Email from Alan Siddons, a former radiochemist, to Greenie Watch (h/t):
...it's not only the Second Law (heat always flows to a cooler zone) which invalidates trace gas heating theory but the First Law as well (energy can neither be created nor destroyed).
"Heat-trapping gases," you hear, and "Radiation goes in but can’t get out." Well then, what is every explanation of the greenhouse effect pointing at but a radiation valve? Since heat rays are prevented from exiting to space, it is claimed, they have nowhere else to go but back to the earth which, by absorbing them, becomes warmer.
The notion of a radiation valve snaps these concepts into focus: Without such a valve, it is imagined, infrared rays from the earth's solar-heated surface will pass freely into space. For every unit of sunlight going in, therefore, one unit of infrared goes out. Ergo, 1 - 1 = 0, zero referring to the heat gain. But with a proper valve in place no infrared is lost and the trapped rays are absorbed by the emitting surface, so the process goes thusly:
As you see, if the tenets of this theory are valid there can be no outcome other than a doubling of surface energy (a doubling at minimum, that is, since there's no reason to suppose that radiation from the now-warmer surface would not continue to be back-radiated, absorbed, and amplified in a "runaway" heating cascade).
As a real world application, such a valve could be approximated by common window glass or a dichroic filter. The irradiated surface could be anything similar to a blackbody, an ideal absorber-emitter, and a radiative heat gain of something above 0 would be observed. A working model of the greenhouse effect couldn't be made any simpler.
Simple as it is, though, no scientist in the world is able to construct a model that exhibits any radiative gain because the theory's tenets (called "the basic science") are not valid. On a theoretical basis alone, conservation of energy (the First Law) forbids a model like this from working. You can't obtain more energy than you put in. On an empirical basis too, however, as demonstrated by laboratory blackbodies, confined radiation only induces temperatures close to a theoretical blackbody limit, not a degree hotter. (The premise of greenhouse theory, remember, is that radiative confinement raises the earth's temperature above a blackbody limit, yet a laboratory blackbody --which is little more than a light trap -- exemplifies radiative confinement! The premise is self-contradictory.)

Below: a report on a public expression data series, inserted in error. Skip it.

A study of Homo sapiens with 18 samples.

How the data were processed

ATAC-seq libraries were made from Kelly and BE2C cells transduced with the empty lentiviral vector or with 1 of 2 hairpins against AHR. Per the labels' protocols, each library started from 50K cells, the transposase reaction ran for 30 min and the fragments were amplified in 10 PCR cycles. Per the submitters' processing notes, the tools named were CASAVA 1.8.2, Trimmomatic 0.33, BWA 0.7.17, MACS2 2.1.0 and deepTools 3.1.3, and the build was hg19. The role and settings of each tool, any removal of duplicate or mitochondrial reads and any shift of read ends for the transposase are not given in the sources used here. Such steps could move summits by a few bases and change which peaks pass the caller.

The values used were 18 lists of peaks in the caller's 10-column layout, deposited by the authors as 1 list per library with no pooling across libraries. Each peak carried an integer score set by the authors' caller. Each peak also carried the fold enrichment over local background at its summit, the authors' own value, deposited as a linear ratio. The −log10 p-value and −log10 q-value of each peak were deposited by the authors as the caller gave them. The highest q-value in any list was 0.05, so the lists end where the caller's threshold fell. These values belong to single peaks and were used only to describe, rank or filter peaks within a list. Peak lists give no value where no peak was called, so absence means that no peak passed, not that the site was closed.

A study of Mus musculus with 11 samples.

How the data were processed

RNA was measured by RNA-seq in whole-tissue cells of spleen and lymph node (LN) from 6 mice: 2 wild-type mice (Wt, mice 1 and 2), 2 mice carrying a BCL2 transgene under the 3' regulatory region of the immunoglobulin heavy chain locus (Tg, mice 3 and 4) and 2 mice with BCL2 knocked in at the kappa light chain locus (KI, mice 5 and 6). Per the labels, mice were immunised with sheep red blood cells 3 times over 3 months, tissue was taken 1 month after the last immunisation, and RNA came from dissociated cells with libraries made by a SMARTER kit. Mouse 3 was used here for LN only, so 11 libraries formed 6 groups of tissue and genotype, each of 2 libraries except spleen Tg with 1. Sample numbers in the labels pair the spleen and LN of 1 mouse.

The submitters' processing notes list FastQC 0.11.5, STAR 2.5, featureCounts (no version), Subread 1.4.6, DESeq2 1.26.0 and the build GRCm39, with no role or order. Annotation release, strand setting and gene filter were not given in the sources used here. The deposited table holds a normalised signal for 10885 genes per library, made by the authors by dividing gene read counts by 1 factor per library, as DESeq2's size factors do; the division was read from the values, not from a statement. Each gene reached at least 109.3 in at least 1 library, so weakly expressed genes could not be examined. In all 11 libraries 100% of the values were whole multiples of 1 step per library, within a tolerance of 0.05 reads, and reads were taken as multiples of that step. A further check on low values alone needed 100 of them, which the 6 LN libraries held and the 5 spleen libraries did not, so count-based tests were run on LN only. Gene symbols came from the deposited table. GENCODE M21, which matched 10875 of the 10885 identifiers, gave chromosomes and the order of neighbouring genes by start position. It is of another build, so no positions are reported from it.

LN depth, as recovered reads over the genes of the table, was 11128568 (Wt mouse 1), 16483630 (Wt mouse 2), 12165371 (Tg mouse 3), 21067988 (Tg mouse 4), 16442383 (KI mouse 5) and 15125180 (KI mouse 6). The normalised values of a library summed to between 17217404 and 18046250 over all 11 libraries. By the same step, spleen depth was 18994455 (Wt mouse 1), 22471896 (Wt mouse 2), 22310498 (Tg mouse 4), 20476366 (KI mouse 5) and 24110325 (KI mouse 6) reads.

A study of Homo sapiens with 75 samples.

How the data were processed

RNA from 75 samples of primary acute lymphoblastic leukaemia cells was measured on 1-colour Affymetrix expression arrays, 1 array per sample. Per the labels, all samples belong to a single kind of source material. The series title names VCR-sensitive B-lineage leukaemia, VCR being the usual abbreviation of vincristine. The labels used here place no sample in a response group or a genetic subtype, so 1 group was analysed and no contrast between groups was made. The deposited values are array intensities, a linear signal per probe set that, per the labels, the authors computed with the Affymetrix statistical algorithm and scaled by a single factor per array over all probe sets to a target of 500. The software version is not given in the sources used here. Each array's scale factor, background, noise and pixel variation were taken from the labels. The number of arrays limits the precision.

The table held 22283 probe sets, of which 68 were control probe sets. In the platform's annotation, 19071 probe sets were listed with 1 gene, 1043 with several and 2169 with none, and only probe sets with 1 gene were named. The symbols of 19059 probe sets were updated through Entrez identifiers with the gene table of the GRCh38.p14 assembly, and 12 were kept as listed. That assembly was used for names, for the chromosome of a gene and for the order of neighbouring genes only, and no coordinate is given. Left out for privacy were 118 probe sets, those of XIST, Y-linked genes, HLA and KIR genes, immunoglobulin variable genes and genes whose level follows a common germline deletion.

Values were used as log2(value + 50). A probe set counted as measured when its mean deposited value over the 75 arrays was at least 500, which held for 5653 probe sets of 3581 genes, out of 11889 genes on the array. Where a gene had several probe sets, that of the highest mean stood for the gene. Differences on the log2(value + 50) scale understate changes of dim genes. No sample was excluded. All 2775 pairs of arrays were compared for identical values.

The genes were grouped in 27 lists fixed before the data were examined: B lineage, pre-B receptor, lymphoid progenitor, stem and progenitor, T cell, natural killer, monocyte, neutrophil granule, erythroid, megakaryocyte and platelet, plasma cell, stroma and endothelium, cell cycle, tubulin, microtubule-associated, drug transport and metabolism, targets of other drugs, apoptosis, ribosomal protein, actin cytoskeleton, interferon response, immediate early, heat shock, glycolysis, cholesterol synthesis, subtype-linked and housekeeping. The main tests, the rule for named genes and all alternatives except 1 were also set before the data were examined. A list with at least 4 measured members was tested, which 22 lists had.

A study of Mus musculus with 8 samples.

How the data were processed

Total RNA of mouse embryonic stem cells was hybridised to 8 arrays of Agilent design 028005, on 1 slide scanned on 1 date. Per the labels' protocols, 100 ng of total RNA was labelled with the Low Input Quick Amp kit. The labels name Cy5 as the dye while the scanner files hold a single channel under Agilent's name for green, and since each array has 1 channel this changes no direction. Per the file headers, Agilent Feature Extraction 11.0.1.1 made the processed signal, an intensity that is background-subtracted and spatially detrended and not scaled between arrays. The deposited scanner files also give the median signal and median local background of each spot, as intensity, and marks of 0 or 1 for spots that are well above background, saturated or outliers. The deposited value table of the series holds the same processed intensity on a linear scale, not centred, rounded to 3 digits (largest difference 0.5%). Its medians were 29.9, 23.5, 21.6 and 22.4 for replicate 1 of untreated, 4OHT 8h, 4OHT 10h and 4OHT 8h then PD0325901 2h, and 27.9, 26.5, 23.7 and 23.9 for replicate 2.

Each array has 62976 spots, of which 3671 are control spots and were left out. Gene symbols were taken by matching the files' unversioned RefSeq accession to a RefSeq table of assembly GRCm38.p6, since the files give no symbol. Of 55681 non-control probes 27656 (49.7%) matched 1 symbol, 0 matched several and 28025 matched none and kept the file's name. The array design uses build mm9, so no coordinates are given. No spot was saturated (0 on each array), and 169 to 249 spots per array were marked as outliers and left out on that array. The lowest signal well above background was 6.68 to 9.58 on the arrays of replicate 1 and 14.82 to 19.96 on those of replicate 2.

I urge you to notice that the valve's efficiency doesn't actually matter, either, because physical laws are violated even in a modest case. In some sense, in fact, the crimes get worse. For instance, let's install a 20% valve, so that 80% of the infrared escapes and 20% back-radiates.
In this case, 0.8 exits while 0.2 is "retained" by the surface. But 0.2 also radiates back to the surface, so it gains 0.4 in total (again, as a minimum: further back-radiation effects must arbitrarily be halted). In other words, even when the oft-mentioned "net flow" favors the outward movement of thermal energy (a modeling effort to satisfy the Second Law), the alleged heating effect still contradicts the First Law because you're getting more energy than you put in. Any furnace manufacturer would eagerly exploit such a loophole in the law if it existed.
But the problems don't stop there. Since the valve allows 80 percent of the infrared to escape, the same applies to the 40 percent that's been gained. So sum up the amount of radiation getting past the valve: 1.12 units -- more energy than is going in!
The whole model is nonsense. Here are two corollaries I can think of.
• Just like temperature, radiant energy flows do not add. Lumping two 70° balls of clay together doesn't result in a single ball that's 140°, nor do 70 watts per square meter beaming back onto a body that's radiating 70 raise it to 140. Frankly, it is stupid to think otherwise.
• Back-radiation cannot be absorbed by the emitter or else the conservation of energy law is meaningless. As I've noted before, the output of a weak battery can't be used as an input to recharge it.
Related: A greenhouse effect on the moon?